An Elvis clock, a sign that reads ‘EAT MORE PIE,’ and an ATM sit in the cash-only – yet truly iconic – Hudson’s Hamburgers in Coeur d’Alene.

Opened in 1907 by Harley Hudson, Hudson’s Hamburgers was called “The Missouri Kitchen” until 1963.

The business never left the family, being run today by Steve Hudson.

It was originally passed down to Todd and Steve Hudson, but Todd died in 2017 at age 53 due to stomach cancer, according to an article in The Spokesman-Review.

The restaurant has about seven employees, a couple working seasonally on break from college. On an average day, there are three people staffing the burger joint.

The manager and cook for Hudson’s Burgers, and son-in-law to Steve Hudson, Jeremy Babcock has been working at Hudson’s Hamburgers for the past five years.

Originally roped in because of family, Babcock loves the community and friendships he has made at Hudson’s.

“It’s a tradition,” he said. “It’s been the same for 116 years, and we’re keeping it going.”

Babcock enjoys the small-town feeling at Hudson’s. With only a few employees, the business can bring a family feel.

Another employee, Dalton Cone, has worked at Hudson’s for about two years. Cone is currently enrolled at Montana State University, so he works seasonally.

He grew up eating Hudson’s Hamburgers and even dreamed of working there since he was 14.

“I always saw all the people that worked here having fun (and) just hanging out, having a good time,” Cone said. “And so it didn’t really feel like it would be work.”

He has been eating their burgers since he was 11. On his days off, Cone enjoys coming into Hudson’s to chat with co-workers or have a burger.

He is grateful for his experience at Hudson’s and all the people he has met from it. Cone is also very grateful for the Hudson family and what they do for the community.

“The Hudson family, it really cares about the people who come in here,” he said. “I mean, when it’s your livelihood for however long, I feel like you really start to connect.”

The Hudson family business has thrived on the same basics created originally by Harley Hudson.

The menu has stayed simple. However the building has changed quite a bit.

The restaurant originally started in a tent, with only burgers, eggs and ham on the menu. Ketchup was not an option. Neither was cheese, which would cause Henry Hudson to “have a fit” because cheese was not meant for burgers. By 1977, cheese was still not a choice on the menu.

Anyone requesting french fries, mayonnaise or a milkshake will be met with disappointment, which is how it has been done since 1907.

Today, the menu reflects the popularity of cheese, but it has largely remained the same:

  • Hamburger for $3.50.
  • Cheeseburger for $3.80.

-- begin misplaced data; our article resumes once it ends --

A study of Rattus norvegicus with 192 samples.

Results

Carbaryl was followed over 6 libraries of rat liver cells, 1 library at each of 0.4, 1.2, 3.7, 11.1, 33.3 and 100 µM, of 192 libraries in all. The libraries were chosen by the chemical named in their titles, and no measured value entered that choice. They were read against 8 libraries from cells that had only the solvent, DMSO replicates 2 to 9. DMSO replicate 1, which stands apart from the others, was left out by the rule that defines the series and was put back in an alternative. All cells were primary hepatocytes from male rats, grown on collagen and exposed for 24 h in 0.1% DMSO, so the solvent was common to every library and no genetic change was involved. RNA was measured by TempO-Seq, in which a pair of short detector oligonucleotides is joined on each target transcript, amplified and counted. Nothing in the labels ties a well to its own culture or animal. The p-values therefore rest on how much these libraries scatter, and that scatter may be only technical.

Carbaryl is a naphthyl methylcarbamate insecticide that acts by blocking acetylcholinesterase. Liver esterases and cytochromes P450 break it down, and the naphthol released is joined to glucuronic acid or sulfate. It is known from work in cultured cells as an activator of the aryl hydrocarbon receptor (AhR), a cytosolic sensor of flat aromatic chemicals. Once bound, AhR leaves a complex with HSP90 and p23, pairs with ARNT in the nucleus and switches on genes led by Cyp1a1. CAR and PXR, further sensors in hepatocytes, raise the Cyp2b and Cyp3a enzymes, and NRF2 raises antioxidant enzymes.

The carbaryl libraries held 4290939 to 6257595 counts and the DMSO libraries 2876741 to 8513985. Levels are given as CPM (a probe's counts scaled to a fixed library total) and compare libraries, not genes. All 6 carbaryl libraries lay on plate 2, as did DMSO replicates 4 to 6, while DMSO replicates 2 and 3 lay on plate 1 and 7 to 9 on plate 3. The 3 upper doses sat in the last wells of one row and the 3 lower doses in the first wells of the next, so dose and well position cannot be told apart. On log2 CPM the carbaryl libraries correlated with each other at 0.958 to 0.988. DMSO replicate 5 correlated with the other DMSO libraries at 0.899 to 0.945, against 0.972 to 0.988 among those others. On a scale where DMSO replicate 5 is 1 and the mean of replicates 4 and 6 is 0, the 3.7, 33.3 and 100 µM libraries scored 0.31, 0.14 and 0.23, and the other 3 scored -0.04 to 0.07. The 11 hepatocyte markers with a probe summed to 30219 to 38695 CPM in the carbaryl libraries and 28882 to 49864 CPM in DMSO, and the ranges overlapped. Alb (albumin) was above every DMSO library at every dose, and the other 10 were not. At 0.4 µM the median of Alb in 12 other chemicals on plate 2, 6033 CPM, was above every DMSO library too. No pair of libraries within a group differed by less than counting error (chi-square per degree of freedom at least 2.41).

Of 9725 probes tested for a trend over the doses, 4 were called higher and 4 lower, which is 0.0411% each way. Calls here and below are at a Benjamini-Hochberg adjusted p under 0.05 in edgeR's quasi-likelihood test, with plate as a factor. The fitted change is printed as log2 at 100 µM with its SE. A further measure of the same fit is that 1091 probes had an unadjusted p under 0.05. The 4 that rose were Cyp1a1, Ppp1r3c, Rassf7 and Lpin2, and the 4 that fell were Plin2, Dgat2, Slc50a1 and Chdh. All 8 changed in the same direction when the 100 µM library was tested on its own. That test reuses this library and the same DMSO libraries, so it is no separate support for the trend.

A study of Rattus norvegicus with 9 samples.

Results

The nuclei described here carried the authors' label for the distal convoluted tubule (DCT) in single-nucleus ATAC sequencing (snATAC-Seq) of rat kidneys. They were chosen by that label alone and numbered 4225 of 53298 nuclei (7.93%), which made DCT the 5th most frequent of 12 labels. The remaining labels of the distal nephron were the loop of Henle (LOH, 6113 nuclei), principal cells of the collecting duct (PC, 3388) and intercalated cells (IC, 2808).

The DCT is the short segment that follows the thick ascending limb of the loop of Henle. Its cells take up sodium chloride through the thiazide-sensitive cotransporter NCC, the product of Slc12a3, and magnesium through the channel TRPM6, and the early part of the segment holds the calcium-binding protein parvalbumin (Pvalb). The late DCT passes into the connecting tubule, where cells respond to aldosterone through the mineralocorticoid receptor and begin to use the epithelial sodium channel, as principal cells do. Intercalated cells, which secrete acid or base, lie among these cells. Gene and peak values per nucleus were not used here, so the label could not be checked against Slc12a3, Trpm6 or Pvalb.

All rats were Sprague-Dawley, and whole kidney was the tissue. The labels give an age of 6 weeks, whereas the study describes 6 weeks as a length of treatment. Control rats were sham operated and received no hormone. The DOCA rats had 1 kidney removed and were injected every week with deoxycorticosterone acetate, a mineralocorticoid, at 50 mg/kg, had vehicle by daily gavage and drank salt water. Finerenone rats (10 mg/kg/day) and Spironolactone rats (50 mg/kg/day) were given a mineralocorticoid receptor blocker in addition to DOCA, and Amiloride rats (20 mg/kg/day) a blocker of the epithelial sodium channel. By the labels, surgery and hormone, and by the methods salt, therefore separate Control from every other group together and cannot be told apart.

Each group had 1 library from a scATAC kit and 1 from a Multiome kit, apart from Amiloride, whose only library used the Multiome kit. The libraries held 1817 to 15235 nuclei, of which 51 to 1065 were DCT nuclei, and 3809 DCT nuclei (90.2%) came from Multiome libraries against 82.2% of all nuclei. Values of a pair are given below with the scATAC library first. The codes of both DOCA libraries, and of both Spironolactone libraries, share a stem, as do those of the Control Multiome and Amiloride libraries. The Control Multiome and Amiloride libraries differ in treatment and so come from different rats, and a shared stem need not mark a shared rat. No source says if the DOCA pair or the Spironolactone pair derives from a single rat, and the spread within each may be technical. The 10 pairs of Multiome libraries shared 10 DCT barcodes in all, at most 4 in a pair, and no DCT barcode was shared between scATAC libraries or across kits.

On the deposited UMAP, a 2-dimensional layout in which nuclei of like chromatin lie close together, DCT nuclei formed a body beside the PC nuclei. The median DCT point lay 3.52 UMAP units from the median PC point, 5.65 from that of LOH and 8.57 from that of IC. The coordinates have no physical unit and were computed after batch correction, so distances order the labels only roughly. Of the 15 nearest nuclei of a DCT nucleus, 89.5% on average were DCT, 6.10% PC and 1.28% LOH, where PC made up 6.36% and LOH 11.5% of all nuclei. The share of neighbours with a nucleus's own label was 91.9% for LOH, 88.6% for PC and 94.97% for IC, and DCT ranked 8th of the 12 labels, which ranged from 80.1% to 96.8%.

• Double hamburger for $6.70.
  • Double cheeseburger for $7.00.
  • Ham and egg sandwich for $3.40.
  • Ham sandwich for $2.30.
  • Egg sandwich for $2.30.
  • Pie for $3.00.

A basic burger in 1986 cost $1.10, or extra with pickles and onions.

There is ketchup, spicy sauce and even hotter sauce on the counter to top your burger. Optional toppings are the aforementioned pickles and onions.

Hudson’s orders its pies from Cyrus O’Leary’s.

The secret sauce is a recipe only Steve Hudson knows. It has been a family tradition since the opening of the Missouri Kitchen, only known by past generational owners.

This classic restaurant doesn’t need more to wow customers coming in for a quick bite. Through the decades, many generations knew that profit could be made in sides, but they learned to perfect the food they were already making.

Harley Hudson upgraded from a tent to a building on Sherman Avenue in 1908. The building relocated twice more, once in 1963 and again in 1983 to its current location, 207 E. Sherman Ave. Ove time, the Hudsons added a grand total of two new stools to their business.

Despite few changes, Hudson’s Hamburgers has never been anything short of a success. Most of the fortune first made was credited to furloughed sailors from Farragut Naval Training Station, local teenagers and electric railroad passengers for the constant consumption of the simple burger.

The Hudson generations believe if they found success, there is no real reason to change anything.

In 1989, Hudson’s Hamburgers was featured in USA Today, alongside two other burger joints, in “a nationwide search to find the perfect burger.”

Roger Thorgerson, 86, has been going to Hudson’s Hamburgers since 1964. Thorgerson shows up around 9 a.m. every Wednesday for a hamburger with pickles and onions, coffee, and strawberry rhubarb pie.

While eating, Thorgerson usually enjoys talking to employees and catches up with them on their personal lives.

“All the people that have worked here have been very fine people,” he said. “(They’re) very nice. They’ve been good people.”

Thorgerson believes the reason Hudson’s Hamburgers has thrived for so long is because things have always stayed the same.

“It’s a tradition,” he said. “They’ve been written up in magazines all over the country. They’ve been considered the fifth-best hamburgers in America. It’s a simple operation. They haven’t changed in there since their existence. It would be homey as apple pie.”

In the past, Thorgerson would enjoy his usual Wednesday burger with his friend, Donald Sausser, but Sausser died this summer. Thorgerson still plans to continue the tradition in remembrance of his friend.

He could not imagine what Coeur d’Alene would be like if Hudson’s Hamburgers was not there.

“There’d be a hole in the heart of the city, because they are magicians at what they do.”

Samantha Fuller's reporting is part of the Teen Journalism Institute, funded by Bank of America with support from the Innovia Foundation.